Military Museum Scotland can be found in Linburn, just over four miles west of the Edinburgh City Bypass on the A71. Regular travellers of the road will be familiar with the traffic lights in Wilkieston with, to the left if you are heading away from the city, the Linburn Centre for Scottish war blinded. To reach the museum you turn into the Linburn Centre, then follow roads to the far end of the site.
Scotland has a long military tradition. So much so that the very mention of the kilt or the bagpipe tends to evoke images of Scottish soldiers engaged in battle somewhere far from home: whether at Waterloo; in the Crimea; in the service of Victoria's empire; on the Somme; in the deserts of North Africa; in Aden; or in Basrah or Helmand. Military Museum Scotland covers the last century or so of this long history of conflict. Items on display extend from World War One, through World War Two and into more recent wars. (Continues below image...)
What you find is a large and ever-expanding collection of items displayed in an informal but often poignant setting. Whatever your area of interest, there's something that will surprise you here. The museum had its origins in a mobile military museum that toured schools, and found a permanent home once it had outgrown its mobile roots.
The main focus remains educational, but education is for everyone of all ages. The approach is very much "hands-on", and visitors are able to handle many of the items on display: though, for obvious reasons, not others such as the magnificent scale models that dominate the centre of the room. Our not very random sample of one seven-year-old found the WW2 Bren Gun fascinating, but drew the line at donning a modern gas mask.
The exhibits inside the museum are only part of the experience at Military Museum Scotland. In the grounds you find a section of recreated World War One trench. This is above ground rather than below it, but it still succeeds in giving a strong sense of what many of our ancestors experienced a century ago. Back in the museum a separate area is home to an other ranks' canteen, which offers refreshments and houses more exhibits.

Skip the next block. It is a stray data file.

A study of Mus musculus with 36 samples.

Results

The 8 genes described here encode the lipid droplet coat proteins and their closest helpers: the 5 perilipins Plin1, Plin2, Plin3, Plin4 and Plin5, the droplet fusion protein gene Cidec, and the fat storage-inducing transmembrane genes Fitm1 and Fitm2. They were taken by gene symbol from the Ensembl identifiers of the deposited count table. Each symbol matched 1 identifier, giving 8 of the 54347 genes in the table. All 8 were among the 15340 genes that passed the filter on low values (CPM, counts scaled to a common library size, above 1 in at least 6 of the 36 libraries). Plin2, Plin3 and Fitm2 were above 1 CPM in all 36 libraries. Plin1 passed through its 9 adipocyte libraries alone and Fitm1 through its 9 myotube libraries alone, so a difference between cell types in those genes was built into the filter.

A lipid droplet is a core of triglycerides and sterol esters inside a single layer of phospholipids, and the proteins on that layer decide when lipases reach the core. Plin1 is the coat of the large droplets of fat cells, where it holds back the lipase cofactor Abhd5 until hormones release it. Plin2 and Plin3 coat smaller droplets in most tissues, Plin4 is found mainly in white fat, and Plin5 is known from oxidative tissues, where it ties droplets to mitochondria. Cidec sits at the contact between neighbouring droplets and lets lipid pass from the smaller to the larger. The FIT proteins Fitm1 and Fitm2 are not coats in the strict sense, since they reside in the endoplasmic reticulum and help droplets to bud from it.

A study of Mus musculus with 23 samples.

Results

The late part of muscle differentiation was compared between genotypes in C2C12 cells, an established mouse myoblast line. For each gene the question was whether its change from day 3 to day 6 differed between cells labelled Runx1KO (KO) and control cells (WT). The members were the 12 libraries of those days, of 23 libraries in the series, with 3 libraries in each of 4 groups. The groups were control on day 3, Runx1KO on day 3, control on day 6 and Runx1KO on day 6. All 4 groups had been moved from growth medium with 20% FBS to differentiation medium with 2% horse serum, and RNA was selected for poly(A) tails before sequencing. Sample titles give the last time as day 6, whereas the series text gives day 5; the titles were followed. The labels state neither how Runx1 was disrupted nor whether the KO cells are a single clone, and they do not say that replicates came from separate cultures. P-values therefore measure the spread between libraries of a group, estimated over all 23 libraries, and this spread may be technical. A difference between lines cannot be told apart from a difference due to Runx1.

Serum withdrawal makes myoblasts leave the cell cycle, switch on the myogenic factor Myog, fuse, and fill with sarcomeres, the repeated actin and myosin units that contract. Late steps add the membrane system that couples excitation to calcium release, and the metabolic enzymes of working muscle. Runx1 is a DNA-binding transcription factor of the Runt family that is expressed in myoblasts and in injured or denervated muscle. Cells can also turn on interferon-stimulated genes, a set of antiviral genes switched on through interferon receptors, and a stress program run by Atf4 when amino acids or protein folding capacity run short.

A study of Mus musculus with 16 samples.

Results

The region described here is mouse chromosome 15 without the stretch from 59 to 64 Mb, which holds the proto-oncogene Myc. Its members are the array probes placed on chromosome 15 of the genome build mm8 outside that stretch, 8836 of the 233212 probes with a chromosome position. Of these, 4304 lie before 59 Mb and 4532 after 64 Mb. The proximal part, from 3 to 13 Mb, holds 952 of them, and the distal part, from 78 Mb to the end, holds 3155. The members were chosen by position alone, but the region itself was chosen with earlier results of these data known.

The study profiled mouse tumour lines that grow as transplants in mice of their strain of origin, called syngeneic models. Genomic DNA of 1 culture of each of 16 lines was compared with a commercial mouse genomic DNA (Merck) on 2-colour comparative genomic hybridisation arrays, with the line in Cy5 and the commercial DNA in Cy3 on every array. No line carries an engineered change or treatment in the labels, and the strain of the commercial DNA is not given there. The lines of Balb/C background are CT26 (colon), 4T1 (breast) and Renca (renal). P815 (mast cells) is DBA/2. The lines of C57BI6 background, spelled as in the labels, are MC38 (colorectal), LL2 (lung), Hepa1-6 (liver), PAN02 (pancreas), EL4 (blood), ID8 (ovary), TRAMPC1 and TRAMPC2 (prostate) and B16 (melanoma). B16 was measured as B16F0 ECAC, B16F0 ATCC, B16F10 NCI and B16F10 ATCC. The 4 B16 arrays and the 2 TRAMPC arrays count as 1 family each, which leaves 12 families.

The museum's educational remit extends to an extensive archive of research material, including books, training manuals, war diaries and more. This is available for visitors to view for research or enjoyment.
The real fascination of the museum is that its informality allows you to explore and discover for yourself, depending on your own interests. We were highly impressed by the large scale model aircraft on display, and of a model WW2 motor torpedo boat in the act of firing a torpedo. An extensive exhibition of artefacts created by soldiers from recycled and reworked shell cases is also amazing.
Uniforms, weapons, documents, personal items, medals awarded to individual soldiers, it's all here. For us the real surprise of the visit was seeing a Fairbairn–Sykes fighting knife, developed in WW2 by two ex-Shanghai policemen for use by Commandos and other special forces. We'd read about these in the past and seen pictures, but found it amazing just how small - almost dainty - the real thing is. But no less lethal for it: or perhaps even more so.